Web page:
What is a PET scan?
A positron emission tomography (PET) scan is an imaging test that can help reveal how your tissues and organs are functioning. A small amount of radioactive material is necessary to show this activity.
The precise type of radioactive material and its delivery method depend on which organ or tissue is being studied by the PET scan. The radioactive material may be injected into a vein, inhaled or swallowed.
More radioactive material accumulates in areas that have higher levels of chemical activity. This often corresponds to areas of disease and shows up as brighter spots on the PET scan. A PET scan is useful in evaluating a variety of conditions — including neurological problems, heart disease and cancer.
Why is it done?
A PET scan is an effective way to examine the chemical activity in certain parts of your body, which may help detect abnormalities in those areas. PET scans are most often used in people who have cancer, heart disease or brain disorders.
Cancer cells show up as brighter spots on PET scans because they have a higher metabolism rate than do normal cells. PET scans may be useful in determining:
- The extent or spread of certain cancers
- How well the cancer is responding to treatment
- If the cancer has recurred
PET scans must be interpreted carefully because noncancerous conditions can resemble cancer, and many types of cancer do not appear on PET scans. The types of cancer most likely to show up on PET scans include:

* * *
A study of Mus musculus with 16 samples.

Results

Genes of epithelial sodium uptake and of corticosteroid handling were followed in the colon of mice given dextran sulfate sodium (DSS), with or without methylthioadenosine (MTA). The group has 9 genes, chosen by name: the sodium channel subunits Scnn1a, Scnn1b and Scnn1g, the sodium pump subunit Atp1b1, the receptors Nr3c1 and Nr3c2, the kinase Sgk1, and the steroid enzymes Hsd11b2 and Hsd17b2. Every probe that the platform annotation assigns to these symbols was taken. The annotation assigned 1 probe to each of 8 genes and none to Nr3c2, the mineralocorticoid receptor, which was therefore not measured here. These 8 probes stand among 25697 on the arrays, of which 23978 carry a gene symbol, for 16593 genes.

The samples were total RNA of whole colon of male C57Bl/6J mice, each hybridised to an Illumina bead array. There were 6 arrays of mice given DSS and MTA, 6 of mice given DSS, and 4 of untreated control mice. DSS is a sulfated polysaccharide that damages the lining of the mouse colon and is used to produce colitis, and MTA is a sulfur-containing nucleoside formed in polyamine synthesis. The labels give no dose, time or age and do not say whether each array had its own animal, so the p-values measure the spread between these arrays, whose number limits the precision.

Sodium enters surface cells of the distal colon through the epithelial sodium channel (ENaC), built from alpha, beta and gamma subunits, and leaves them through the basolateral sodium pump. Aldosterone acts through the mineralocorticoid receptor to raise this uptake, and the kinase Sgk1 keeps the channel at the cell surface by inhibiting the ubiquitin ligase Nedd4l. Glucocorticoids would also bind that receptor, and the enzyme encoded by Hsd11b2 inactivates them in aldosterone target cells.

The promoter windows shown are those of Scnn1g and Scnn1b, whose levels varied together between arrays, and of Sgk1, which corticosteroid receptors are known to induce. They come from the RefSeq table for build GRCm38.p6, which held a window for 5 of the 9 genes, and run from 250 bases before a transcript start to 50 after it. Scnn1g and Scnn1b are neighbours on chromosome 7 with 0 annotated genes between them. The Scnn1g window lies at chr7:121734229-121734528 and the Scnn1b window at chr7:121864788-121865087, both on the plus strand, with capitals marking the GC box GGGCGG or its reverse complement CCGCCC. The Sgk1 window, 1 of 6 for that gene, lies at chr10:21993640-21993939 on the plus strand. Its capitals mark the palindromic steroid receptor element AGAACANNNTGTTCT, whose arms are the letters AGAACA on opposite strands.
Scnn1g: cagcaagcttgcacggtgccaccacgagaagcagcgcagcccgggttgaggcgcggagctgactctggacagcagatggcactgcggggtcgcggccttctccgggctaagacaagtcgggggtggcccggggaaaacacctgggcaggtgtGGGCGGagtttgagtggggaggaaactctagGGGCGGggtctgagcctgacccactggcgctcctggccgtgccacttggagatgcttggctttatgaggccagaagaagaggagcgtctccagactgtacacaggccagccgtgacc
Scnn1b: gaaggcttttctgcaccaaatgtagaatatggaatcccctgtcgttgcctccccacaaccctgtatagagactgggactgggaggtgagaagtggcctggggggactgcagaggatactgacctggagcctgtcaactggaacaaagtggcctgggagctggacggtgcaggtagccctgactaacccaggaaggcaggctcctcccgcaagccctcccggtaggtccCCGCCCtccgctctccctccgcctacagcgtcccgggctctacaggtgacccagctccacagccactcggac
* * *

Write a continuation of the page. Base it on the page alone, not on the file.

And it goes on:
Doctors use PET scanning to detect areas of decreased blood flow in the heart. This can help show which areas of the heart might benefit from angioplasty or coronary artery bypass surgery.
A PET scan can show which areas of the brain have the most activity during various tasks. This technology also can evaluate specific brain abnormalities, such as:
- Memory disorders
Although a radioactive substance is used during a PET scan, the amount of radiation that you're exposed to is too low to affect the normal processes of your body.
However, this radioactive material might harm the fetus of a pregnant woman. You and your doctor can discuss risk to the fetus or infant versus the reasoning and benefit of having a PET scan
A PET scan can compare brain activity during periods of depression (left) with normal brain activity (right). An increase of blue and green colors, along with decreased white and yellow areas, shows decreased brain activity due to depression.
This PET image shows an area of reduced blood flow from one of the arteries that feed the heart. This information may help doctors decide whether to suggest bypass surgery or angioplasty to restore that blood flow.
Combining a PET scan with an MRI or CT scan can help make the images easier to interpret. At left is a CT scan, while the center image is from a PET scanner. The image on the right is a combined CT-PET scan. The bright spot in the chest is lung cancer.